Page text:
Tuesday, April 29, 2008

Spring

I am walking my children to the school bus stop. At eye-level, I see the delicate blossoms on the apple tree. They are angels, garbed in flowing white, waiting to receive their souls in the form of an apple. They whisper sunny incantations, and pray against frost.


There’s no time to ponder their beauty. Six-year-old Eleanor is impatient, standing at the curb waiting to cross the street. Her speed is hampered by her entourage; four-year-old Sylvia and two-year-old Eli can’t keep up. She waits, dipping her foot into the street as if testing the water in a pool. With her tongue, she searches her gums for the tooth she recently lost.


Eleanor is looking forward to this kindergarten day, in which she’ll field-trip with her pals to the Children’s Theater. She has selected her clothes accordingly: short-sleeved tie-dyed shirt under a plaid-front satin dress, with red leggings underneath her hot-pink faux suede boots. She is part ruffian, part fashion-model.


Looking into the flower beds at the bus stop, Eleanor finds a worm. She speaks to it first, so it won’t be afraid. Then she picks it up and shows it to Sylvia, Eli, and the other kids at the stop. Eleanor boards the bus in her fancy dress, happily smelling like dirt.


Long after the bus has departed, Eli continues shouting, “Bye-bye bus! Bye-bye Nelnore!”


Our numbers reduced, we head for home. Sylvia jumps onto a neighbor’s railroad tie and puts out her airplane arms for balance.


Passing the apple tree again, I think I see the blossoms give way to tiny beginnings.

13 comments:

Pate Family said...

So sweet- I love her dipping her feet into the street and feeling where her tooth was.

jc said...

There's so much to spring and children and worms and dirt, isn't there? It seems the eternal return is always brand-new, and maybe it is. These aren't "children" walking their 'sis' to the mysterious bus which inexplicably takes Eleanor to that still-only-imaginary place big-people call school. These are your kids, that's the apple blossom you saw on that morning, and no one has ever lost that tooth or comforted/disturbed that worm. It's always new within the same; always strange within the familiar.
Thanks.

Little Monkies said...

I've missed reading your beautiful writing. Wishing I was walking with you around Greenlake, thinking of my dear friend so far away but always in my heart.

Love you.

Kendra Joy said...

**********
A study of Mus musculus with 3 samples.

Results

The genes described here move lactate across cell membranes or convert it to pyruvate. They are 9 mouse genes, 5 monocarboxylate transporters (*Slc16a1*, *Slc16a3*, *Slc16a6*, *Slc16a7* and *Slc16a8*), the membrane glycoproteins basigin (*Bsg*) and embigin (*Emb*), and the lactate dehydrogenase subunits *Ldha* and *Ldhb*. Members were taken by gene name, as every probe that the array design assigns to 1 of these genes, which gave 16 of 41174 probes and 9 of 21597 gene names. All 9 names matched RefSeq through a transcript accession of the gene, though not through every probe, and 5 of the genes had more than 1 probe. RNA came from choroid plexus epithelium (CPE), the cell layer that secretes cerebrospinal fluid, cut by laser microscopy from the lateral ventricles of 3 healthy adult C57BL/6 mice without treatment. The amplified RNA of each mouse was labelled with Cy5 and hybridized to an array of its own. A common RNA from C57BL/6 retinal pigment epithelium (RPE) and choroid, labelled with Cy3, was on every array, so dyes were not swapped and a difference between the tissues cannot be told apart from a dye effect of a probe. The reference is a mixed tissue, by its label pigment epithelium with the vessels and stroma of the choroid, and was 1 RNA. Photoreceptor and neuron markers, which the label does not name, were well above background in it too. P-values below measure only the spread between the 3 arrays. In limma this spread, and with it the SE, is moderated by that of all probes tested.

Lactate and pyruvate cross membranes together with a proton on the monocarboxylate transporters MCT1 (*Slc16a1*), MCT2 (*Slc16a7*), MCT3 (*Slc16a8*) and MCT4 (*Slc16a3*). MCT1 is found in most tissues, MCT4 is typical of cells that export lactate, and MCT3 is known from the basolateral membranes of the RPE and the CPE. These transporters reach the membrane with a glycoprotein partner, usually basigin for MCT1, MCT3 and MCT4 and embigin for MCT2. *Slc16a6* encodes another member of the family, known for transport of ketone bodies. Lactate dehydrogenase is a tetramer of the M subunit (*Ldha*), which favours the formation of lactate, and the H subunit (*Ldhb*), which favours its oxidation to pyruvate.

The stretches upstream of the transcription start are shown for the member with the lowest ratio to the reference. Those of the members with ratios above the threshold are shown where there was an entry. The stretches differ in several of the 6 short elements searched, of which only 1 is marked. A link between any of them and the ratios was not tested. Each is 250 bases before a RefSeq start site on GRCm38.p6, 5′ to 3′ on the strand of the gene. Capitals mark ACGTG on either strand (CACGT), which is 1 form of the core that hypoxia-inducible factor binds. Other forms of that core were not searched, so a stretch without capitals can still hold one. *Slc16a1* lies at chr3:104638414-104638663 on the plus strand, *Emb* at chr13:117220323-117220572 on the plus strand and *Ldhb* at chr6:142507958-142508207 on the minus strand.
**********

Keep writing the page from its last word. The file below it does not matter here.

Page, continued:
Ahh, Spring. Your description here grants me hope that Spring will come and will bring along with it the glorious new life we have come to expect. What a wonderful time of year.

Around here the Tulips keep reminding me that even though there have been many cold and drizzly days of late, that warm Spring season _is_ coming. What hope!

Lastly, your children amuse me and warm my heart. Your descriptions are so artistic and beautiful. When they look back on how you wrote about them while they were young, your kids will be reminded of what an amazing mother you are.

jen said...

something about the warmth and the color - the renewal of it all.

Amy said...

I loved Eleanor's outfit!! Maybe she'll be a fashion designer...

bgirl said...

i can just see you and the kids as you describe so well. crazy to think how precious these 'daily' moments are. you captured this one so well.

Anonymous said...

I love this line: "They are angels, garbed in flowing white, waiting to receive their souls in the form of an apple. They whisper sunny incantations, and pray against frost." I've been admiring all the beautiful blossoms here in Colorado and your description captures them perfectly.

I didn't know that Eleanor had lost a tooth. We're still waiting on this rite-of-passage for Ethan.
-alicia

Daisy said...

I love your writing style. Just beautiful! You are very talented and bring the reader just right in the middle of your little moment. Fabulous!

FENICLE said...

This was beautiful. What an awesome post!!

Lori said...

Spring is here and yet we are all still having to wear parkas... I'm waiting for Spring to truly burst forth!

This was a beautiful description of a beautiful moment. For me, this was a lovely example of finding the sacred in the ordinary.

wheelsonthebus said...

How hard it must be to put her on that bus each day, see her so grown up yet still your baby, then turn around with reduced numbers.

Ally said...

Emily-- Actually, at this point, putting Eleanor onto the bus is surprisingly easy. There are days when I am counting down the years until they are all in school. Then days when I enjoy having them home. You know.